Carlene MacMillan, MD, Adult and Child Psychiatrist, Trauma and Dissociative Unit, McLean Hospital, Harvard Medical School
Alex and the Scary Things explains simple and effective coping strategies such as the 5-4-3-2-1 game in a playful and approachable way. This book can jumpstart conversations both with children who have experienced 'scary things' and with any child who is trying to make sense of challenging emotions.
Nadja Reilly, Clinical Psychologist, Associate Director of the Freedman Center for Child and Family Development at the Massachusetts School of Professional Psychology
This book is an excellent resource for parents, teachers, counselors, and anyone who works with children. Alex's story is endearing, tender, and relatable. Alex's kindness to himself and his parts will promote compassion and empathy in children - both for themselves and others. The exercises in the book will help readers participate with Alex while learning important skills to use for their own growth.
Judith Sonnenberg, Child and family counsellerBACP Children & Young People
This book is about an alligator called Alex and his soft toy called AI. It tells of Alex's scary feelings and how he copes with them... The illustrations are colourful and expressive, with dark feelings written on dark paper. I would recommend this book for parents, teachers, therapists and counsellors to read to primary school children, but I would advise them to first explore their own reaction to it in order to collect their own thoughts.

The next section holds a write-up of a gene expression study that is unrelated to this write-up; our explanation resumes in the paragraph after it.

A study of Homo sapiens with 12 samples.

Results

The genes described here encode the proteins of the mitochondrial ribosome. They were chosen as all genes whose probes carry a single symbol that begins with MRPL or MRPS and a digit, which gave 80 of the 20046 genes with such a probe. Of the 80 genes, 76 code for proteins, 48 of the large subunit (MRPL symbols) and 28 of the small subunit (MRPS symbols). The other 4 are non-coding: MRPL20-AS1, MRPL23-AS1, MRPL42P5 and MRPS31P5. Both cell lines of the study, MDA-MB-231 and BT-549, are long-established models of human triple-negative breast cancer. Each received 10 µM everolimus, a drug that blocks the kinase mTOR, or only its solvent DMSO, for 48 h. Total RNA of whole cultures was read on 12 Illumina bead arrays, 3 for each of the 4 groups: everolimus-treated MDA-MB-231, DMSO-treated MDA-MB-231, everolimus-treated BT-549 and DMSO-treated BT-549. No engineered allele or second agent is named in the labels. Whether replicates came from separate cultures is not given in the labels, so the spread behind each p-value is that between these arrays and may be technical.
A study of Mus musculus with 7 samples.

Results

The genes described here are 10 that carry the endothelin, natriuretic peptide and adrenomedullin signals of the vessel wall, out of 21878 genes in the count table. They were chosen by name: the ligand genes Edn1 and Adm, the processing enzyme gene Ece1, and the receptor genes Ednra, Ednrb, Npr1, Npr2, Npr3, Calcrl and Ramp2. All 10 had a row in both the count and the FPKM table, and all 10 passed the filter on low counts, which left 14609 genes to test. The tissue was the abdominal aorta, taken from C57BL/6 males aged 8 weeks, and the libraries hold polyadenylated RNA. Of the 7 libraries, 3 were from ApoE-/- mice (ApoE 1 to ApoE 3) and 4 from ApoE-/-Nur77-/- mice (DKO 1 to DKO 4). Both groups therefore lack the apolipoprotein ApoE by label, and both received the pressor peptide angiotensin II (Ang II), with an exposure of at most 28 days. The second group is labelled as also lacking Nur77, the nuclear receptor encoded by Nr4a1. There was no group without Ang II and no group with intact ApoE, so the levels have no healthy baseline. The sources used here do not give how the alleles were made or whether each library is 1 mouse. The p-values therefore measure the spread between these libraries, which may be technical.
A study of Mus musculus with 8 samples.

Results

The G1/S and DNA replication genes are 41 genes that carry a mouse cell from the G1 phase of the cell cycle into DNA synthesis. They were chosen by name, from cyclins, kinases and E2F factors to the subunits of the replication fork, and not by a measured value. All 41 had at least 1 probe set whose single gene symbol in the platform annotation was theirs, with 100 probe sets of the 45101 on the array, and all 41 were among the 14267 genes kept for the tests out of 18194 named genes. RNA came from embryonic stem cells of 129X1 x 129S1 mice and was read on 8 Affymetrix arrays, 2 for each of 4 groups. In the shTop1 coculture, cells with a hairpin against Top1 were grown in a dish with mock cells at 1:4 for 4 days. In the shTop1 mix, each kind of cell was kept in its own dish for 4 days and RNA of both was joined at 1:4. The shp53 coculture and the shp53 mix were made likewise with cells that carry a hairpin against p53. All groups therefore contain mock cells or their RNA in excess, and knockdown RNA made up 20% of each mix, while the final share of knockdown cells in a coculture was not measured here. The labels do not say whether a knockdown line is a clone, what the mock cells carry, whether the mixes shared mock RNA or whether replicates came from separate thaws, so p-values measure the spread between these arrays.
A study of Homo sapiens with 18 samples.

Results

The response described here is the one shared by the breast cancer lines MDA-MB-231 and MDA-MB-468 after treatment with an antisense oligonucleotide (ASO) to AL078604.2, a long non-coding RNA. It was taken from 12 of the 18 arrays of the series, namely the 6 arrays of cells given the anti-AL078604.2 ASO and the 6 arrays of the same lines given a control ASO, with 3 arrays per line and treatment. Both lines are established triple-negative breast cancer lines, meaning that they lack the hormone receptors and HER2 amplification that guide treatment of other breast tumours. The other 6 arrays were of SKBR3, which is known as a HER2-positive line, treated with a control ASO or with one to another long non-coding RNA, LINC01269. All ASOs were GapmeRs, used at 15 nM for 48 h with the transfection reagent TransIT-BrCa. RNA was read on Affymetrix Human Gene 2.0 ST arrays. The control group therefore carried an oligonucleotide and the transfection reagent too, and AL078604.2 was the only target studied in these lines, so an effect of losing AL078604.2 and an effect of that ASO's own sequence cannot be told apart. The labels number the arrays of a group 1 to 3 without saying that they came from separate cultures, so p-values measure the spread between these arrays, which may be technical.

While the story is not directly related to foster or adoptive family, it is very much written with children that have suffered trauma in mind. The illustrations are engaging and do a fine job of helping to enhance the content of this story.
Alex is a lovable little alligator, and he will appeal to children with different kinds of background experiences. The illustrations are wonderful too, and show the wide range of emotions that children with intense fears can exhibit. Extremely useful for severely traumatised children.